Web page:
Walk surpasses hopes

by Jim Boyle
Nearly 200 people turned out for Spectrum High School’s first Way2Go Walk for Autism, and in the process the school will be cutting a check for about $1,400 for the Autism Society of Minnesota (AuSM).

Before the walk started, those in attendance heard from Spectrum staff members Kellie Blanchard, Karin Ness and Sean Ryther; Spectrum student Brett Henkemeyer, who has a form of autism called Asperger syndrome; and Jenette Johnson of AuSM.

Spectrum High School student Brett Henkemeyer spoke about having an autism spectrum disorder.

“It was definitely a complete success,” Henkemeyer said after the event. “More people came than anyone expected.”

Another gauge of success is the first-year event attracted more people than the first-time Active Youth Day put on by Spectrum students, which is now heading into its third year.

Some of Henkemeyer’s goals is to see children with autism spectrum disorders (ASD) break through the barriers people with ASD face and help them be accepting of their disorder. He knows what it can be like, of course, as he has a milder form of autism called Asperger syndrome.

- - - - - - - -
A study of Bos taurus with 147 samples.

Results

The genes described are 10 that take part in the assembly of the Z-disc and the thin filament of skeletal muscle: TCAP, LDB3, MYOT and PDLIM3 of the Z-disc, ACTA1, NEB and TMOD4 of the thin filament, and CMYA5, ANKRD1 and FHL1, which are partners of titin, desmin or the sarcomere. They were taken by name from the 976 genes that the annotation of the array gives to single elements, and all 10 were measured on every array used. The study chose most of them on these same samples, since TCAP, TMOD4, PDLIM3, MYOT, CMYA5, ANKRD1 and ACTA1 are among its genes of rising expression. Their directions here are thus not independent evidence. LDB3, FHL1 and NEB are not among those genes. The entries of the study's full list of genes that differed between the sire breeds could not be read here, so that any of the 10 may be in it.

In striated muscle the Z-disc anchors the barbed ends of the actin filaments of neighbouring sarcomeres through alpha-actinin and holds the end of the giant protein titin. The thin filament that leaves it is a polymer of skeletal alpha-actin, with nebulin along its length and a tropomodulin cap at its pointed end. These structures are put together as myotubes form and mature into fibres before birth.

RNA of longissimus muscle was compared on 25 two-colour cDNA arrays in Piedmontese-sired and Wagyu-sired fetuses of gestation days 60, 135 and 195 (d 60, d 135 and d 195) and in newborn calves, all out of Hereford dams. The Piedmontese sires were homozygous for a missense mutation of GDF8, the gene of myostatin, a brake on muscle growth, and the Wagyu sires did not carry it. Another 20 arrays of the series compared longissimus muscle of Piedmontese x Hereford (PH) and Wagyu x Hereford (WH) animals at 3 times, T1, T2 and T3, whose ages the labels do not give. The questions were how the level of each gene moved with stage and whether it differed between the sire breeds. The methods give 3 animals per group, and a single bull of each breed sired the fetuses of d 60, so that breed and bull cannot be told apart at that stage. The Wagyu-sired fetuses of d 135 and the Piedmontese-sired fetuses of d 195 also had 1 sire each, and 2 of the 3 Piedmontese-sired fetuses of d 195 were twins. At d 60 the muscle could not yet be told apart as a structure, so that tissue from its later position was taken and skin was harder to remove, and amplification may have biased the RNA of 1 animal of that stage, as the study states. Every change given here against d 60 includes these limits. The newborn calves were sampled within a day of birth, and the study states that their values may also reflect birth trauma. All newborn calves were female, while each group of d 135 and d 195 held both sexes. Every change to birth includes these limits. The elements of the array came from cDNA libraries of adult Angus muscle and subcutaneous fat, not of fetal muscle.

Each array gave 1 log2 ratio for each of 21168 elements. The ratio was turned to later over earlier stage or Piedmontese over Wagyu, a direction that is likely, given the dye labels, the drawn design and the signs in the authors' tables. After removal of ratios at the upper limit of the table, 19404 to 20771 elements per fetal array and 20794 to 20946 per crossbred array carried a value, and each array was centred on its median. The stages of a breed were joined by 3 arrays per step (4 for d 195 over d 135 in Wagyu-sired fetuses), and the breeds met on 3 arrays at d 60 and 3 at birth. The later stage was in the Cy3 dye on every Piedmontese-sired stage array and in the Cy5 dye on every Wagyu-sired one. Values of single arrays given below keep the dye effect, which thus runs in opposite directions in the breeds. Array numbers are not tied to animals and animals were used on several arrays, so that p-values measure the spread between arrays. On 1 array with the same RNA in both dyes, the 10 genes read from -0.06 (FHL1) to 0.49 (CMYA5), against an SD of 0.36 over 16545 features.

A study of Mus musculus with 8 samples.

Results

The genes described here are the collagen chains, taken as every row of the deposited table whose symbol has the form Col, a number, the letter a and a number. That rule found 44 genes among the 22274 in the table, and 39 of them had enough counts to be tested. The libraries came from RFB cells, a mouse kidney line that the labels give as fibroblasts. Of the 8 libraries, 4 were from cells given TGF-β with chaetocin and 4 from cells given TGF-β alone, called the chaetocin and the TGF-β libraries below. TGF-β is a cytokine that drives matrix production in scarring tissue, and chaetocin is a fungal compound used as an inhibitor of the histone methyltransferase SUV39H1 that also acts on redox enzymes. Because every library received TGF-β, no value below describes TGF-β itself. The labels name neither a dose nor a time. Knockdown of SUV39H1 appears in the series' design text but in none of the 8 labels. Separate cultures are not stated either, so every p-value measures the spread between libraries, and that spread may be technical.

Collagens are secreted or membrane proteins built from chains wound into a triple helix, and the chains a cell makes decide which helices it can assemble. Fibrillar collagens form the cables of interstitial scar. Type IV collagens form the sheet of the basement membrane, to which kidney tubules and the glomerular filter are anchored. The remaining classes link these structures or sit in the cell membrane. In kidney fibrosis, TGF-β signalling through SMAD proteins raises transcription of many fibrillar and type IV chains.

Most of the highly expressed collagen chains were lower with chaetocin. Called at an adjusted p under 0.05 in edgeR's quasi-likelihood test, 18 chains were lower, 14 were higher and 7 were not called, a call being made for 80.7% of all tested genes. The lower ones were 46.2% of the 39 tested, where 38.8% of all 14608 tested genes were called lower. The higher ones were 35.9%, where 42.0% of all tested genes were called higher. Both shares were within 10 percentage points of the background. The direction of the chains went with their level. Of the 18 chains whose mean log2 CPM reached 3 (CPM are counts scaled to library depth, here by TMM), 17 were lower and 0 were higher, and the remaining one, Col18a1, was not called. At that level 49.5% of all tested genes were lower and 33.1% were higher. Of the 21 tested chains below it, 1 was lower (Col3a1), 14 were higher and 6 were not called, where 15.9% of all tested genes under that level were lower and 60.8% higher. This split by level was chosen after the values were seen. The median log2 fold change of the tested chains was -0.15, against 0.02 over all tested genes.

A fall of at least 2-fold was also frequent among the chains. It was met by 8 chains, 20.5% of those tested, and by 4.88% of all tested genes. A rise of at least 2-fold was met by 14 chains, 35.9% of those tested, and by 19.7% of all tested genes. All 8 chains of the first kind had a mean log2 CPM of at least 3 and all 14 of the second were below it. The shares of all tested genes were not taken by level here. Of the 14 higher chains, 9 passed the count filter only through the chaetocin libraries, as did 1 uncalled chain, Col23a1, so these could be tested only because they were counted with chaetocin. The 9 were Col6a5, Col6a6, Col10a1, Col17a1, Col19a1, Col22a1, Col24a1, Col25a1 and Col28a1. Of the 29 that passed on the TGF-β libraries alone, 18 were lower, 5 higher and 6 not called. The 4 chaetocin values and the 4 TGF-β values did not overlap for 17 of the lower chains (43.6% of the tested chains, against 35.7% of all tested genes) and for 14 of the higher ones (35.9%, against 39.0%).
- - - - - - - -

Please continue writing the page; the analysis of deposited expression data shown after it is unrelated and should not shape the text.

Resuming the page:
“I would like to see fewer struggles for kids with autism,” the high school sophomore said.

He encouraged those with the disorder at the walk to let people know they have autism to take the mystery out of why they respond to the world differently than most kids. He compared those who hide their disorder to someone on a team who hides the disorder from their coach or teammates, saying the misunderstandings would be numerous.

They might wonder:
•Why aren’t you running faster?
•Why are you crabby?

“It’s just not fair to others,” he told the crowd. “Wouldn’t you want to know if you were the coach or a teammate or a friend?”

The Autism Society of Minnesota is an organization of families, educators, care givers and professionals committed to supporting individuals with ASD. The disorder now effects one in every 110 children.